7IM: Ten years in the life of ETFs

Aug 23rd, 2017 | By | Category: ETF and Index News

Peter Sleep, senior investment manager, Seven Investment Management (7IM) takes a look at key developments over the decade that he’s spent with 7IM. He reviews falling fees, the arrival of new players, through to some potential challengers for the future.

Peter Sleep, senior investment manager, Seven Investment Management (7IM).

Peter Sleep, senior investment manager, Seven Investment Management (7IM).

I arrived at 7IM just over ten years ago, right on the cusp of the global financial crisis. I want to assure 7IM’s clients that I had very little to do with the run on Northern Rock, the fall of Lehman Brothers and that I was not nationalised by Gordon Brown. I have however, been able to observe the growth of the UK’s exchange-traded funds market, so I thought I would pick out seven trends I have seen over the last decade.

ETFs were not unheard of back then, although they are much higher profile now. There were about 250 ETFs listed on the London Stock Exchange in 2007 versus 1,400 today, so the market was beyond its infancy and had perhaps graduated to pre-teen. Trading on the LSE was very thin though, with only £12bn traded on exchange in 2007, versus £224bn in 2016 – nearly a 20-fold increase. (Source: LSE)

Here’s seven key trends as I see them:

  • Fall in fees

As far as investors are concerned, I think the most important trend has been the fall in fees, particularly for ETFs tracking the major equity indices. The ETF issuers denied the allegation of a price war, but I am not sure that anyone believed them and we all benefitted. Capitalism is a great thing and it guaranteed enough competition that the major FTSE 100, S&P 500 and Euro Stoxx 50 ETFs’ fees have fallen from around 0.40% to around 0.07%.

  • Arrival of Vanguard

Competition leads nicely on to new entrants. Perhaps the most important of which has been the arrival of Vanguard into the European ETF market. I am happy to pick out Vanguard as the most important new entrant as they are the most visible ETF issuer willing to compete on price.

  • Easy come, easy go?

There have been some notable exits of issuers and ETFs: let’s call it creative destruction. Credit Suisse and SPA are no longer issuing ETFs, and Fresco re-discovered their brand identity when they changed their name to UBS ETF. Perhaps the other great disappearing act was the disappearance of ETF broker, Knight Trading. They blew themselves up when someone switched on some untested software that ran live for 45 minutes causing a loss of $440m. Knight was rescued and returned as KCG for a period, before KCG agreed to be taken over earlier this year by Virtu Financial.

  • Boring and dramatic?

Most boring, but perhaps the most dramatic was the very brief Financial Stability Board’s report on ETFs in 2011. The effect of this report was to kill the rapid growth in synthetic ETFs stone dead and put the term ‘counterparty risk’ into every investors’ lexicon.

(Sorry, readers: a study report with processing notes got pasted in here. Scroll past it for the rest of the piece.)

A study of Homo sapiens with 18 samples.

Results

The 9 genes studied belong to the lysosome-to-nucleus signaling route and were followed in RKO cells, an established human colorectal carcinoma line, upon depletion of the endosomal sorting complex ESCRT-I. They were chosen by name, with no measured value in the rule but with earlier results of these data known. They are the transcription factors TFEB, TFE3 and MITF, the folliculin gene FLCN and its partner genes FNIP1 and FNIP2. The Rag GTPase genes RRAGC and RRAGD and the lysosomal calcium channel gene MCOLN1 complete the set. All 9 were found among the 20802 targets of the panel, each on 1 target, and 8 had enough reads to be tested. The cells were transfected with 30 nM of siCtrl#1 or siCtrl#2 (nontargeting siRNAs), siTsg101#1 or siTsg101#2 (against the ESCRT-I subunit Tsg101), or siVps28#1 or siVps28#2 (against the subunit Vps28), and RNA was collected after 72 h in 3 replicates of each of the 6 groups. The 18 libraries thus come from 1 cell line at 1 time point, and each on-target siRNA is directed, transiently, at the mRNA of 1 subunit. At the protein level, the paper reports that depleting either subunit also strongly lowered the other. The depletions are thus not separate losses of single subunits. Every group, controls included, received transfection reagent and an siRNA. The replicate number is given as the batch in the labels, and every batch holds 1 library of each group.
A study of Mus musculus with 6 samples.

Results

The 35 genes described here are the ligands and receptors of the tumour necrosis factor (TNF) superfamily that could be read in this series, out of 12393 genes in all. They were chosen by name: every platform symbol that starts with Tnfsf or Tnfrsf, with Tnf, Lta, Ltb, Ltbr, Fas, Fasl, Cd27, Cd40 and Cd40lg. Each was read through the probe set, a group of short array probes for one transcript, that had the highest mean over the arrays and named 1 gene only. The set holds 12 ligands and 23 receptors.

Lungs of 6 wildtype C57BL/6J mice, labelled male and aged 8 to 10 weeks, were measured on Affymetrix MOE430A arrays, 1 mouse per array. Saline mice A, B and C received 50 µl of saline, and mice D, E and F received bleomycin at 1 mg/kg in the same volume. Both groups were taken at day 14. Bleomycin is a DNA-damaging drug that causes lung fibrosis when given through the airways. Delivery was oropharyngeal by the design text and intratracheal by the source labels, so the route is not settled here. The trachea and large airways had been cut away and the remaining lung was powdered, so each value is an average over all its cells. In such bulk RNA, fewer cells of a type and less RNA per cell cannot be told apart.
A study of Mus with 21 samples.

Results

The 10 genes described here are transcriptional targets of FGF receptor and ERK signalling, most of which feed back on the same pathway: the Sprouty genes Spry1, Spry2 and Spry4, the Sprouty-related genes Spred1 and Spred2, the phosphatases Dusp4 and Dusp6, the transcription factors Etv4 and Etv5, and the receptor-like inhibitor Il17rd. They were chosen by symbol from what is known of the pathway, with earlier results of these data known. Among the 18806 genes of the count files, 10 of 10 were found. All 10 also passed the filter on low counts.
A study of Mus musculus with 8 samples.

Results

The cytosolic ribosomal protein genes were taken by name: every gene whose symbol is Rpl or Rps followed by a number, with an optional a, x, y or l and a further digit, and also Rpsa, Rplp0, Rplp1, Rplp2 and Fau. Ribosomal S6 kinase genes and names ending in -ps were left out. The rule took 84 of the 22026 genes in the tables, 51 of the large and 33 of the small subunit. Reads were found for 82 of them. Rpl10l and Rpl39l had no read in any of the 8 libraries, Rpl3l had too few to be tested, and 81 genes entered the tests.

• Growth in choice and diversity

ETFs have become much more diverse over the last ten years, particularly in fixed income. Areas like high yield, emerging market debt and convertible bonds, which I had assumed were small niches for specialist investors, have now become mainstream. We have always had diversity in equity ETFs, but the Horizon Marijuana Life Sciences ETF still surprised many old hands.

  • Smart beta

Another key theme has been the rise of the machine: smart beta ETFs, and we haven’t shied away from this space, either. Everyone hates the term smart beta, usually because, they say, it implies that market cap investing is dumb. Those who read the study by Andrew Clare and his colleagues at Cass Business School will realise that, well, market cap investing really can be pretty dumb. They randomly selected ten million monkey portfolios and only three monkeys failed to beat the market cap portfolio. In reality, life is rarely that simple – there’s some extraordinary fund managers out there. But smart beta is a space that should not be underestimated or ignored.

  • Robo investing

We all love to hate them, but the final trend in the ETF sector, which seems destined to gather pace is robo investing. They may be soaking up huge amounts of venture capital cash at the moment, but surely it is a matter of time before at least of few of them gains sufficient critical mass to mount a serious challenge to the old school investment houses.

Over ten years, the ETF sector has gone from pre-teen to a fully-fledged adult, even dabbling with drugs, via the Horizon Marijuana Lifesciences ETF, along the way. I can’t begin to imagine where it will go from here, but if the last ten years are anything to go by, it should be an interesting ride.

(The views expressed here are those of the author and do not necessarily reflect those of ETF Strategy.)